Aberrations and their correction
Every rotational symmetric electromagnetic field acting as a lens on an electron beam has intrinsic lens aberrations. This fundamental theorem was already shown by Scherzer (Scherzer, Z. Phys. 101 (1936) 593 ).
The term chromatic aberration was adopted from light optics. Due to the dispersion of glass lenses light rays with different colours are focused with different focal lengths. Just like a beam of light usually consists of different wavelengths the electrons coming from the electron source have slightly different energies. One can easily understand that faster electrons are less influenced by electromagnetic fields so that the position of the electron focus depends on the electron energy. Chromatic aberration is decreased by using a small energy width and a high acceleration voltage respectively. The chromatic aberration coefficient has about the same magnitude as the focal length for weak lenses and about 0.6 times the focal length for strong lenses (in strong lenses the specimen is immersed in the lens field).
Spherical aberration arises because the focus depends on the axial distance of the electron path. Physically this is a consequence of the fact, that lens fields have to satisfy the Laplace equation. The aberration coefficient is substantially of the same order of magnitude as the focal length. If the specimen is immersed in the lens field, the minimum value of the aberration coefficient is half of the focal length. It diminishes when stronger lenses are used.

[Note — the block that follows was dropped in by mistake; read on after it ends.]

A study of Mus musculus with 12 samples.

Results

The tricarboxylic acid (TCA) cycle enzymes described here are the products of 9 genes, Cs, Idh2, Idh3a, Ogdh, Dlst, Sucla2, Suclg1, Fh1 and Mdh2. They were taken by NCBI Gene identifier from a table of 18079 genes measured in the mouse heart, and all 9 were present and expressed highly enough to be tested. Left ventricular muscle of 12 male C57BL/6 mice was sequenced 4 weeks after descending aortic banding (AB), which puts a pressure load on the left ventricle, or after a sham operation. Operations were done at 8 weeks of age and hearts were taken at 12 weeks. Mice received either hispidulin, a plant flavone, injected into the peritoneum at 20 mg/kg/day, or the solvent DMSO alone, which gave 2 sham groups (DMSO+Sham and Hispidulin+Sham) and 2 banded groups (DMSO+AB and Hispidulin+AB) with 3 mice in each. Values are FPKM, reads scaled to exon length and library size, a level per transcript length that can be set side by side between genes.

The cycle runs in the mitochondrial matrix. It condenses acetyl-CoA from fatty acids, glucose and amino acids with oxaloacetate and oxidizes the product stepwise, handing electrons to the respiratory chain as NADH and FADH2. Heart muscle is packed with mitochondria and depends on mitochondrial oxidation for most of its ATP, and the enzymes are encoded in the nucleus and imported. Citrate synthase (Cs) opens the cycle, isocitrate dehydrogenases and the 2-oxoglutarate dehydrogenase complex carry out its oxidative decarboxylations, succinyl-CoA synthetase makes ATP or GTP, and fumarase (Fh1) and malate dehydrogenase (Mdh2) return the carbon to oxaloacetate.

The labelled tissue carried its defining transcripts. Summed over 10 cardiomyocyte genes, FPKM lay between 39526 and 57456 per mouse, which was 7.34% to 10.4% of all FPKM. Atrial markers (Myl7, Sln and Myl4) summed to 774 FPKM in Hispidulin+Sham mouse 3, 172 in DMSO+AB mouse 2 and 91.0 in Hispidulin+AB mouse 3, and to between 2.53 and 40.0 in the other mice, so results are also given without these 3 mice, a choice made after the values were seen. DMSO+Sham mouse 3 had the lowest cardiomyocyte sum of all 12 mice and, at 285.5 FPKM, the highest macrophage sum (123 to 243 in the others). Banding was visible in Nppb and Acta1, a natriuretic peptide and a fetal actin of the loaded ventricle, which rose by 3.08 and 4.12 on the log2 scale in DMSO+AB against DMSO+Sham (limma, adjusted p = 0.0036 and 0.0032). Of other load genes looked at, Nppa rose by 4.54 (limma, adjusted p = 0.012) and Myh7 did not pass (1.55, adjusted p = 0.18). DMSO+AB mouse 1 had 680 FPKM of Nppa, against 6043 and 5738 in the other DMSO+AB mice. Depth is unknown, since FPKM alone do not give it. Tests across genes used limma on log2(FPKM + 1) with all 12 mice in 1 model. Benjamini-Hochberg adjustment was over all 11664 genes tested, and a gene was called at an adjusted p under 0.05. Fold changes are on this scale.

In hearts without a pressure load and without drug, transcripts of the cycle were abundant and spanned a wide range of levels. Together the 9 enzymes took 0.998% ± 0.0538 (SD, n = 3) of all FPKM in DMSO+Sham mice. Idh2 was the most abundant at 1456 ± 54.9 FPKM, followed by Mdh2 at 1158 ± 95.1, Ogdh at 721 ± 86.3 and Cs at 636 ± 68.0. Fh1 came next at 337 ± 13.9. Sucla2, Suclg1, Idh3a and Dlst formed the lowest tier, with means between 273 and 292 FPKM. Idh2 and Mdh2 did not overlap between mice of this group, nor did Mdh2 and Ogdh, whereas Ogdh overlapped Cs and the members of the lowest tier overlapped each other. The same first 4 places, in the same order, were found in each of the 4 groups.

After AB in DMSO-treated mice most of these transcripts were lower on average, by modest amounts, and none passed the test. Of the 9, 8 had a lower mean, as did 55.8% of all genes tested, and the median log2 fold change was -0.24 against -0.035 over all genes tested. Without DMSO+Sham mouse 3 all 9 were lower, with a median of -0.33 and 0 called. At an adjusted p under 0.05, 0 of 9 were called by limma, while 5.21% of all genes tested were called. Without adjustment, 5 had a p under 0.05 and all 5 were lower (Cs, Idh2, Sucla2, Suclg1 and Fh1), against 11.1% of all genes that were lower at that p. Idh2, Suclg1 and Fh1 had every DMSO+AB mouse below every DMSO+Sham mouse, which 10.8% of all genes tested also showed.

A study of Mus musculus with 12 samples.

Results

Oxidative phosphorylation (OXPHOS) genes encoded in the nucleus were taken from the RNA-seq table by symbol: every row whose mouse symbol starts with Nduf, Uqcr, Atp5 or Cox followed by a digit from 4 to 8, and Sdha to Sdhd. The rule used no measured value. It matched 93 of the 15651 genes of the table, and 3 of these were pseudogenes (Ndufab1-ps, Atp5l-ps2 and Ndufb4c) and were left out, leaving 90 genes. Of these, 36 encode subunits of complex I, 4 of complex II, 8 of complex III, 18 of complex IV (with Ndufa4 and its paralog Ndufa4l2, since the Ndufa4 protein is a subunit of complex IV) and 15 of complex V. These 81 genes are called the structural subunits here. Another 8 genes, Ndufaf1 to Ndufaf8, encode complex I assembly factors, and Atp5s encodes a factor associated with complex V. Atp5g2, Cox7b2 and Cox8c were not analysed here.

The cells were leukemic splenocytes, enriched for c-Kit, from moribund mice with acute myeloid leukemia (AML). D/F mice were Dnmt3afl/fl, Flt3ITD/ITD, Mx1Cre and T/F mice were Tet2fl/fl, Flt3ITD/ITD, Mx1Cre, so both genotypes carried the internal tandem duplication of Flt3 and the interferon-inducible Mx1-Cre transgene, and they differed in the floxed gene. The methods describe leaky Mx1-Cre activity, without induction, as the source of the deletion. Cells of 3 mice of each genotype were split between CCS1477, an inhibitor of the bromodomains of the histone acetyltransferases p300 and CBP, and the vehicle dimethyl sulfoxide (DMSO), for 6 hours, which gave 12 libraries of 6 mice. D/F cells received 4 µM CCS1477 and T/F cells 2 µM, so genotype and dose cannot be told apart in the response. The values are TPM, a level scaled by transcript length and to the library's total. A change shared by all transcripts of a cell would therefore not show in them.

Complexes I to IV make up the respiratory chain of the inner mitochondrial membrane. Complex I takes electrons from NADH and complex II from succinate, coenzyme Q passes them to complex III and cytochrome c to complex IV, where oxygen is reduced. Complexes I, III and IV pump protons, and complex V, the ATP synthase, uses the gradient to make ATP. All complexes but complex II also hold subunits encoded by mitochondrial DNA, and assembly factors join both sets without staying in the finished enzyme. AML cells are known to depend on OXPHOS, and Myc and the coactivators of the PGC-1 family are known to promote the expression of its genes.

coma and astigmatism
Coma can be found if the electron beam is off-axial and/or oblique to the optical axis. Coma aberration can be avoided by proper adjustment of the beam.
Astigmatism results from construction errors. Beams in the sagittal and the meridional plane respectively can have different focal lengths. This can be compensated for by a so-called stigmator, the function of which can be understood by contemplating the optical analogue. Axial astigmatism can be simulated by adding a cylindrical lens to a rotational symmetric lens. In electron optics two quadrupoles mounted in an angle of 45° serve as a stigmator.
correcting chromatic and spherical aberrations
Prof. Otto Scherzer always believed that the most promising way to get rid of lens aberrations was to introduce non-rotational symmetry in the electron path. Then one of the preconditions, that render aberrations unavoidable, would be abandoned - see also "Scherzer Theorem". From 1948 on he designed and built together with his co-workers a first electrostatic corrector, which consisted mainly of three octupole elements to compensate for the spherical aberration. But due to instabilities in the mechanical alignment the resolution of the microscope could not be improved. Nevertheless this corrector compensated for the spherical aberration of the objective lens.
In order to correct the spherical aberration one has to use a combination of magnetic quadrupole and octupole. The chromatic aberration can be compensated by the use of electric and magnetic quadrupoles.